RCEM’s first set of winter flow data for this year indicate numbers of people waiting 12+ hours are three times higher than official stats

Caroline White

Monday, 09 December 2019

The numbers of people waiting 12 or more hours for care in A&E are actually three times higher than existing official indicate, reveals the first set of figures issued from the Royal College of Emergency Medicine’s (RCEM) Winter Flow Project for 2019-20.

The figures belie the true scale of the problem facing emergency care departments across the UK, says the College.

The Winter Flow Project, which runs from October 2019 to March 2020, publishes anonymised weekly data from the emergency departments of a sample of 50 trusts and health boards.

The first set of data show that in the first week of December over 5000 patients waited longer than 12 hours at these sites, which, between them, are equivalent to a third of acute beds in England.

From the beginning of October 2019 over 38,000 patients have waited longer than 12 hours for a bed at the sampled sites. Yet data from NHS England report that in England a total of only 13,025 patients have experienced waits of over 12 hours since 2011-12. 

President of the RCEM, Dr Katherine Henderson, said: “In a nine-week period, at only a third of trusts across the UK, we’ve seen nearly three times the number of 12 hour waits than has been officially reported in eight years in England. This must be fixed.”

The discrepancy arises because of the way in which the data are reported, she explained.

“Our data measures the number of patients waiting over 12 hours from the moment they arrive at an [emergency department], whereas NHS England (unlike Wales, Scotland and Northern Ireland) start the clock at the point at which a decision to admit is made – meaning that a patient could already have been waiting hours before this,” she said.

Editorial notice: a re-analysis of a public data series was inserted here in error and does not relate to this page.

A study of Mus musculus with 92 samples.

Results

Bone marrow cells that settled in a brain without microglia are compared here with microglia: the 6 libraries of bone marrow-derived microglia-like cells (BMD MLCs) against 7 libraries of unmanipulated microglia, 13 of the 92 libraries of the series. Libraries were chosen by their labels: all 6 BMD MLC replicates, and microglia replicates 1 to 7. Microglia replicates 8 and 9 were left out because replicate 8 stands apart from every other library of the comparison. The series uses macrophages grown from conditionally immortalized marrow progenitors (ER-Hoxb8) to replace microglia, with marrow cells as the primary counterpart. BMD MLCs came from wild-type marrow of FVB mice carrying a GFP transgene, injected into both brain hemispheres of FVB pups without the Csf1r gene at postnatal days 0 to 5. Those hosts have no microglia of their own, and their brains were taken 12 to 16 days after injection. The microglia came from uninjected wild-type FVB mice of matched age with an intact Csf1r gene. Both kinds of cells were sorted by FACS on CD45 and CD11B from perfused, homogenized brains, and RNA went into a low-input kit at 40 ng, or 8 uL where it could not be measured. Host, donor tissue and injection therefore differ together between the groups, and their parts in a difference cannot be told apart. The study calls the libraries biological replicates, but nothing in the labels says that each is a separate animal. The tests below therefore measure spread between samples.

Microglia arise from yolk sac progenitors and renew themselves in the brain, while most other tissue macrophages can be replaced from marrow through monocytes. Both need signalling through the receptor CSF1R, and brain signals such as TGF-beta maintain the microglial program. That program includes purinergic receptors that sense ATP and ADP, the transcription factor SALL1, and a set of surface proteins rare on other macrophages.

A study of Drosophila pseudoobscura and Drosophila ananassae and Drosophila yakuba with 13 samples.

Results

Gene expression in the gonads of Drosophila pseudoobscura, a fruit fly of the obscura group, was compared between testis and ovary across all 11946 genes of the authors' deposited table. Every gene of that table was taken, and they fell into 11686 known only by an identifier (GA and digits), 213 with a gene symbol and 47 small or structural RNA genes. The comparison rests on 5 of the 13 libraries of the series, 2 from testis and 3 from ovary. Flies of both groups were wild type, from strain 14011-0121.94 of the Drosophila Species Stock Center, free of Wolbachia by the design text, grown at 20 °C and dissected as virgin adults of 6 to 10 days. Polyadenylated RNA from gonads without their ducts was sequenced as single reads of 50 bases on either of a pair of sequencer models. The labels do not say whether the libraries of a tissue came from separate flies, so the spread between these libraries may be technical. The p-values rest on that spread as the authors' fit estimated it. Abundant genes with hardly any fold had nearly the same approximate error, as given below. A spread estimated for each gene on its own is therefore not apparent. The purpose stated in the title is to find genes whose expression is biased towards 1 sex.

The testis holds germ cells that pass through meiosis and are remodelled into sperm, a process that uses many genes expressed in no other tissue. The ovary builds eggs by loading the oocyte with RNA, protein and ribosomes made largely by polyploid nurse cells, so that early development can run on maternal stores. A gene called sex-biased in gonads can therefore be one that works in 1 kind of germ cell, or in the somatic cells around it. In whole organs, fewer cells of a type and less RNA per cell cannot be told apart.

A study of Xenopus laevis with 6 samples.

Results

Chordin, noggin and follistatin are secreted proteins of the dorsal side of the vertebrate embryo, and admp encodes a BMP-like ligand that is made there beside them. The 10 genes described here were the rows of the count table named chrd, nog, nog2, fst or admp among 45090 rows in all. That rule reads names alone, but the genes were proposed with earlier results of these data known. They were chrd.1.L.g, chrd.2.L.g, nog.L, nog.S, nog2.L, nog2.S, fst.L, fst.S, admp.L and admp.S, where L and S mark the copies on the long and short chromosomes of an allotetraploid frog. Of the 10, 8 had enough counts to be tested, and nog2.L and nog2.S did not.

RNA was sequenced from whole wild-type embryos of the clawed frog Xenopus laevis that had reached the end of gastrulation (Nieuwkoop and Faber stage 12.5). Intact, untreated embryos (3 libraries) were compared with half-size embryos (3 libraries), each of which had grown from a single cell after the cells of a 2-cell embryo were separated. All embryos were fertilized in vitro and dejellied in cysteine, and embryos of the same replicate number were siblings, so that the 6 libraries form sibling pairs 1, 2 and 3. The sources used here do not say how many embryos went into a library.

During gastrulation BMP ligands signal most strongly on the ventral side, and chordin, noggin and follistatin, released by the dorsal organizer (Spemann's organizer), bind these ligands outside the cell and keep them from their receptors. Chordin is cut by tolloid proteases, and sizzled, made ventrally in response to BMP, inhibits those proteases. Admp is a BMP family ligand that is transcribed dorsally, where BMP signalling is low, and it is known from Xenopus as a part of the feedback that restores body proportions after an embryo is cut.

“The way in which it has historically been reported does our patients a disservice and hides the true scale of the problem of corridor care,” she insisted, adding: “These figures are truly shocking and are terrible for patients and staff alike.

“Many patients are now getting often life changing news while stranded on a trolley in a corridor. This cannot be right, and we must strive to put an end to ‘corridor care’.”

But she added: “We can only do that if we acknowledge the true scale of the problem.

“We understand NHSE/I [NHS England and NHS Improvement] accept the need to monitor corridor care. The Clinical Review of Standards absolutely must change the way in which 12-hour waits are measured to be in-line with how the devolved nations report it. This is such a vital measurement and indicator of safety that whatever else comes out of the review process, a true measurement of how many patients are being kept waiting for over half a day is essential.”

The first Winter Flow report of 2019-20 also shows that just under 69% of patients were seen within four hours at the reporting sites – the worst performance in the five-year history of the Project.

Dr Henderson continued: “We are clearly in the worst state we’ve ever been in as we enter the true winter season. Norovirus and the ongoing pensions taxation issue will not have helped, but this decline has been long in the making. 

“We are deeply concerned that one of the areas of the health service most valued by patients - the Emergency Departments - are, year on year, struggling to cope and increasingly difficult places for staff to deliver the standard of care they want to. Emergency Departments are the NHS safety net and the safety net is buckling.”

Niall Dickson, chief executive of the NHS Confederation, commented: "We have to find ways of reducing the demand on our emergency departments – this survey is further evidence of the colossal pressures on staff and the real suffering of thousands of patients. It is small wonder that most leaders say this will be the worst winter ever.

"And the way we measure performance is not right either. Two in three health leaders say the current measures are not ‘fit for purpose’.”

He concluded: "If we want a health service that can cope, we need new services in the community that will relieve the pressure on hospitals as well as action on staffing, social care, and capital investment.”